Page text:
Mindanao-Eastern Visayas Rainforests
Bioregion: Philippines & Sulu Sea Tropical Forests (IM15)
Ecoregion Size (1000 ha):
The Philippine tarsier has been described as a ‘very peculiar small animal’ because of its ‘teeny tiny body, bat-like ears and bug eyes’. While described as the ‘the world's smallest monkey’, it is in fact not a monkey, but rather more closely related to another group of primates that includes bush babies, lorises, and lemurs. Nevertheless, it is indeed small, just about 15 cm small and weighing a mere 150 g. After surviving for 45 million years in the forests of the Greater Mindanao islands, the tarsier is now vulnerable to extirpation from deforestation, logging, collection for the tourism trade, and its own low birth rate.
The Mindanao–Eastern Visayas Rainforests ecoregion covers the lowland forests below 1,000 m in elevation, on the Philippine islands of Mindanao, Samar, Leyte, Bohol, and several smaller satellite islands. During the Pleistocene-era ice age over 10,000 years ago, the islands of Mindanao, Samar, Leyte, and Bohol were all one island that formed the Greater Mindanao Island, as the lowering sea levels created land bridges between the smaller islands. The climate is tropical and wet. The northern Visayas, i.e. the northern portions of Samar and Leyte islands, are on the main track of typhoons that occur from July to November.
The forest vegetation consists of beach forest and mangroves along the coast, and lowland rain forest inland. The beach forests are dominated by Casuarina and Barringtonia trees. The lowland forests are dominated by species of Dipterocarpaceae, including Anisoptera thurifera, Dipterocarpus gracilis, D. validus, Hopea acuminata, H. malibato, H. philippinensis, H. plagata, Parashorea malaanonan, Shorea almon, S. assamica, S. astylosa, S. contorta, Shorea falciferoides, S. guiso, S. palosapis, S. polysperma, and Vatica mangachapui that form the canopy, and reflect the species richness and diversity of the forest.
Many of these are highly valued as timber trees and are now critically endangered. Other species of the forests community are from Meliaceae, Moraceae, Lauraceae, Sapindaceae, Myrtaceae, Clusiaceae, Sterculiaceae tree families. These dipterocarp-dominated forests are tall, reaching 45 to 65 m in height, with a dense, three-layered canopy. Ferns, orchids, and various other epiphytes add structural habitat in the upper strata, providing micro-habitats that support a diverse fauna.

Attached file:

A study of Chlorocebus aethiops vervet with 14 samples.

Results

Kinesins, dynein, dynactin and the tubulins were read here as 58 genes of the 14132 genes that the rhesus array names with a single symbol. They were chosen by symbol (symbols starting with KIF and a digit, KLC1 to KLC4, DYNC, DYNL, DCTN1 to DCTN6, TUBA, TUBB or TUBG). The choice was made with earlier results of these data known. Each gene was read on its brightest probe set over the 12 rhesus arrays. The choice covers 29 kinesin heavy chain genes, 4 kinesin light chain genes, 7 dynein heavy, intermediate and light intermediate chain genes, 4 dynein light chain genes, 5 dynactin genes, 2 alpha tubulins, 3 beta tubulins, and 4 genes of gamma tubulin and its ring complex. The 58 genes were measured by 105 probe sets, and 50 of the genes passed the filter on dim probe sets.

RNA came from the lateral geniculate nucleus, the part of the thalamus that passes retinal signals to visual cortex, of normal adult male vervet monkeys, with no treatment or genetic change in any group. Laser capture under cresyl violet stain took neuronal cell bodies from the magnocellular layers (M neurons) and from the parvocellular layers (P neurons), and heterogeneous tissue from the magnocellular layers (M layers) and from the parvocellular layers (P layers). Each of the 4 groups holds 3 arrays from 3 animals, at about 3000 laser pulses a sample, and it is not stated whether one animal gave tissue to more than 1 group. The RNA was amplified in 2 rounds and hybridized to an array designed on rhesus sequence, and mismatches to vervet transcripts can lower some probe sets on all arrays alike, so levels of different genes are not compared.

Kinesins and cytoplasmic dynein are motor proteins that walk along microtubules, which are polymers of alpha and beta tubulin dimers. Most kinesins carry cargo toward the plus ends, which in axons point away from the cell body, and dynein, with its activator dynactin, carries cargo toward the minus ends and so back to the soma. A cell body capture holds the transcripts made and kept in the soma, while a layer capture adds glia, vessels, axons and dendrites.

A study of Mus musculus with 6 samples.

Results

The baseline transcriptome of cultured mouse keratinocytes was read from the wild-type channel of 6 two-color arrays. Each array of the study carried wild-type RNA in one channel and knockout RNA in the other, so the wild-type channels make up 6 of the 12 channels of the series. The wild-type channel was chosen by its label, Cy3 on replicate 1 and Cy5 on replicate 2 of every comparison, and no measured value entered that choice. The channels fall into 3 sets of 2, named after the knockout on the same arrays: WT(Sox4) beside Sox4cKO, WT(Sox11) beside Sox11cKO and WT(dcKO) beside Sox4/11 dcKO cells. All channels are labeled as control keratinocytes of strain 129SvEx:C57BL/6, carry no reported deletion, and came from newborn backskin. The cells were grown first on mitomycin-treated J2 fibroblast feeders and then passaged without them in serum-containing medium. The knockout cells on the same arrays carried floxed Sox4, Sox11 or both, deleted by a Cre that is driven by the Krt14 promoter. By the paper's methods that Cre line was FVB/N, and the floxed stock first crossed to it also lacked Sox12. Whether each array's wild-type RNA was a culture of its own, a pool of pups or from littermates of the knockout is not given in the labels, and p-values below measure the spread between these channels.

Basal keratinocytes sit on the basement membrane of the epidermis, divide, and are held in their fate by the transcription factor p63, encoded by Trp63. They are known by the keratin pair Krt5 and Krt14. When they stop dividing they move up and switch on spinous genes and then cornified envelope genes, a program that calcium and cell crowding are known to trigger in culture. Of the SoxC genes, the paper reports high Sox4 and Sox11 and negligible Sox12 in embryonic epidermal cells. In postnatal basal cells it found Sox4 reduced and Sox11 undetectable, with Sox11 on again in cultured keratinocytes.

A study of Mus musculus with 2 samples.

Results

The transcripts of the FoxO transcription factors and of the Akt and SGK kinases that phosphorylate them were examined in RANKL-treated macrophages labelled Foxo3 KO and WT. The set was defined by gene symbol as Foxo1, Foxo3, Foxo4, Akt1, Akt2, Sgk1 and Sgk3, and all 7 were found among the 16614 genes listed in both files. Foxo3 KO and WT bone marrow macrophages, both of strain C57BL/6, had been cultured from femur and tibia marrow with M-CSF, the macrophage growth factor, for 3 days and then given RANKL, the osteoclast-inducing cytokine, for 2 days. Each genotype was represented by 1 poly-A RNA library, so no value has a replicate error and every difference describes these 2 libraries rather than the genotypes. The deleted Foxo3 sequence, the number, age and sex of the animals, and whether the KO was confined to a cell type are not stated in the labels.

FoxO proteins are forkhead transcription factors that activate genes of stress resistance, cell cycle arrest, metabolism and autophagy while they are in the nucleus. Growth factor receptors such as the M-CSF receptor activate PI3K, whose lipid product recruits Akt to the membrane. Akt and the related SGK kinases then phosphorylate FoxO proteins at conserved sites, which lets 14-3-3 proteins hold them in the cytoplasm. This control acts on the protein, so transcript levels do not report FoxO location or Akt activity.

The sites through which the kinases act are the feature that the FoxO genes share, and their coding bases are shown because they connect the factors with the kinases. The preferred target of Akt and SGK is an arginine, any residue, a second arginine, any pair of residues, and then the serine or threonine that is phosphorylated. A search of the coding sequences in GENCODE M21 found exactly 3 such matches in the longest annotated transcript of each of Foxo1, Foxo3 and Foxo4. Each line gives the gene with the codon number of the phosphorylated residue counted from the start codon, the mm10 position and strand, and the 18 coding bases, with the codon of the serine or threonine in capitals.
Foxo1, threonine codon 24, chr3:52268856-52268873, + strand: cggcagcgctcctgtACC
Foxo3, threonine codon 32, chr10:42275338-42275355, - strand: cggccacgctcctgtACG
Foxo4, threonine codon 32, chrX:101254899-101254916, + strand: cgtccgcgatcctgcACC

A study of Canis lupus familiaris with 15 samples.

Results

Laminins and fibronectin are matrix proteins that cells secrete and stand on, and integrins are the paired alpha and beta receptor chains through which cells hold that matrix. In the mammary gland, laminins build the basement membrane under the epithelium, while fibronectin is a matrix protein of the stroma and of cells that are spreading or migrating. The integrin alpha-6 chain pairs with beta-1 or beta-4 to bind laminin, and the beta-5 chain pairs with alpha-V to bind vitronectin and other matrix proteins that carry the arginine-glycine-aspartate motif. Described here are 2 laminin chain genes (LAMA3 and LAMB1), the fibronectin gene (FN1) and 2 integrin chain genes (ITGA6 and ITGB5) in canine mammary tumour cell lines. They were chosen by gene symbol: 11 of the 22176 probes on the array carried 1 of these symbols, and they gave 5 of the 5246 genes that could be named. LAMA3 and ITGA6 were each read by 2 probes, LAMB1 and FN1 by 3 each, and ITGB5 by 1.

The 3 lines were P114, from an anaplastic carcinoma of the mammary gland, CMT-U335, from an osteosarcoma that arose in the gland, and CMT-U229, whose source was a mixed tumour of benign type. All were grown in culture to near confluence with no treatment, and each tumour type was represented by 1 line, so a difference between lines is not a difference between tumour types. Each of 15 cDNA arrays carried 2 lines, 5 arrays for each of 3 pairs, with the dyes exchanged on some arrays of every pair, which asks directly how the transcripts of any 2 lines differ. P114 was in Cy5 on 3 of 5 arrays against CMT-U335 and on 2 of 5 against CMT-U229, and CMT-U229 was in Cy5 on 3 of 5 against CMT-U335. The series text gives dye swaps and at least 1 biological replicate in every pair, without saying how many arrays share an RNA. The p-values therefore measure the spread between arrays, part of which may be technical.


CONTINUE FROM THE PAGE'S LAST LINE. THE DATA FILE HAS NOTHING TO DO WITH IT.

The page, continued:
About 80% of the non-volant mammals are endemics of Greater Mindanao, not even found on Luzon, the adjacent large island a mere 25 km away. Some of the smaller islands within the Greater Mindanao group also have their own single-island endemics. For instance, Dinagat Island just north of Mindanao harbors its own endemic mammals, such as the Dinagat bushy-tailed cloud rat. Two subspecies of the endemic Philippine deer are reported from Mindanao, with Rusa marianna nigella in upland sites and Rusa marianna nigricans in lowland sites, but their taxonomies are still not clearly understood.
The other large endemic mammal in this ecoregion is the Philippine warty pig. The ecoregion overlaps with the Mindanao and Eastern Visayas Endangered Bird Area, designated for the 51 restricted-range bird species, all of which are forest specialists, such as the threatened Mindanao bleeding-heart. The critically endangered monkey-eating Eagle and Philippine cockatoo still hold out in these forests.
Very little of the ecoregion is under formal protection, and the largest protected area is on Samar Island in the Visayas, while most of the protected areas on Mindanao Island is in the mountains. Meanwhile, several Key Biodiversity Areas (KBAs) especially on Mindanao are unprotected. Hunting, including for small endemic species, is widespread.
Thus, the recommended priority conservation actions are to: 1) expand the protected areas system to improve its representation and to include the unprotected KBAs; 2) implement education and awareness campaigns on biodiversity conservation and alternative livelihood opportunities (to hunting and forest clearing) for local communities; and 3) engage local communities as conservation stewards.
1. Philippine Biodiversity Strategy and Action Plan. 2015-2028. Department of Environment and Natural Resources. https://www.cbd.int/doc/world/ph/ph-nbsap-v3-en.pdf downloaded 16 March 16, 2018
2. Langenberger, G., Martin, K. and Sauerborn, J., 2006. Vascular plant species inventory of a Philippine lowland rain forest and its conservation value. In Forest Diversity and Management (pp. 211-241). Springer, Dordrecht.
3. Wikramanayake, E, E. Dinerstein, et al. 2002. Terrestrial Ecoregions of the Indo-Pacific: A Conservation Assessment. Island Press.